There are plenty of firsts stashed away in Specialized's archives. Alongside the first mass-production mountain bike, 1981’s Stumpjumper, the Californian firm has also excavated what looks to be the world’s first gravel bike. Called the Rock Combo it was released in 1989 and described as an ‘on/off-road bicycle’.
With drop handlebars, 26-inch wheels, comparatively wide gearing, and a geometry that was more road than mountain, it nailed many of the trends now popular. Sadly, it failed to catch the zeitgeist at the time and spent just a single year in Specialized’s catalogue. Limiting the Rock Combo’s production run to just 500 bikes, this makes it both an incredibly rare and forward-thinking design.
Described at the time as ‘the ideal bike for all tastes’, its makers claimed it was ‘fast on the road and at home on the dirt’. With ‘steeper angles and agile handling’ plus clearance for tyres up to 2.2-inches, its marketing spiel sounds remarkably like almost every gravel bike blurb we’ve read in the last five years.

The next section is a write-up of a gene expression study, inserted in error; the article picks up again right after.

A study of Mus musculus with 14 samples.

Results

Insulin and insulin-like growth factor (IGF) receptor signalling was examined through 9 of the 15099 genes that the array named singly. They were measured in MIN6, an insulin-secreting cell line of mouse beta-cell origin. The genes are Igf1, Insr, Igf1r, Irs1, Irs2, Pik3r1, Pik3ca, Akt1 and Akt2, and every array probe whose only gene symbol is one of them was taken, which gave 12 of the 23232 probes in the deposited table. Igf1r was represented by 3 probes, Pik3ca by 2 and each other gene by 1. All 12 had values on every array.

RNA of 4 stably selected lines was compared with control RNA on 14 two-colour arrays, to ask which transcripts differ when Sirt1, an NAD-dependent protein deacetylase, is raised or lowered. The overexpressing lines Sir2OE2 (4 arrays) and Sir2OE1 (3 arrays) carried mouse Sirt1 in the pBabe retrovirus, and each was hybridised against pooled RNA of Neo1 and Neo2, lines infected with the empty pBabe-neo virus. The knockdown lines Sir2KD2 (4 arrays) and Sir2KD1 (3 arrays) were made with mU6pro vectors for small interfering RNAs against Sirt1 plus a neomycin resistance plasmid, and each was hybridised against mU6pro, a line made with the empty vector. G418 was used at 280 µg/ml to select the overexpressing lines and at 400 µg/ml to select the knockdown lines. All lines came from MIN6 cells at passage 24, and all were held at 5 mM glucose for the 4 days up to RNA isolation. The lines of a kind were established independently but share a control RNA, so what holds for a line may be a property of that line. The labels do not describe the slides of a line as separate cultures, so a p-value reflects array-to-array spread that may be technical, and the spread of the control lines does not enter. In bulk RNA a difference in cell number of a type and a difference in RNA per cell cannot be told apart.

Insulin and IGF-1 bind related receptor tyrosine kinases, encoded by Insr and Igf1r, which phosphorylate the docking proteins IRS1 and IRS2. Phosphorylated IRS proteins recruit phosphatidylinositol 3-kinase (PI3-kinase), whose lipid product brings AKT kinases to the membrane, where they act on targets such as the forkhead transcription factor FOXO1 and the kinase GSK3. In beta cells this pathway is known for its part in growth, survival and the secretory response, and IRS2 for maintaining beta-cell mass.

Something of a vindication for its designers just over three decades later, the Rouleur Live show will present an opportunity to get up close with this historic bike should you have missed it the first time around.
New gravel thinking
With gravel now a huge focus for Specialized, the brand will be bringing the retro Rock Combo along with its latest Crux and Diverge models to Rouleur Live. Taking inspiration from the firm’s earlier design, among these will be Ian Boswell’s customised Diverge. The winner of Kansas’ Unbound Gravel race in 2021, it replicates the ivory and turquoise paint job found on the original Rock Combo. A recent guest on the Rouleur Tech Podcast, where she discussed the bike ahead of the event, you’ll be able to see the machine in the flesh on Specialized’s stand.
Also making an early appearance in the UK will be the firm’s redesigned Crux. Having recently pivoted from cyclocross towards gravel, this versatile off-road racer claims to be the world’s lightest gravel bike. Taking design inspiration from the firm’s consumer-focused Aethos superbike, it still retains the ability to go and play in the mud if you wish. At the same time, a switch of tyres will also see it achieve a more than respectable impression of a road bike too. Featuring easy-to-get-along-with standards, including semi-external cabling and a threaded bottom bracket, both ensure you spend more time riding and less on maintenance.
Offering a chance to speak to the people behind each of these designs, Rouleur Live takes place in London between the 4-6th November. More information and tickets can be found here.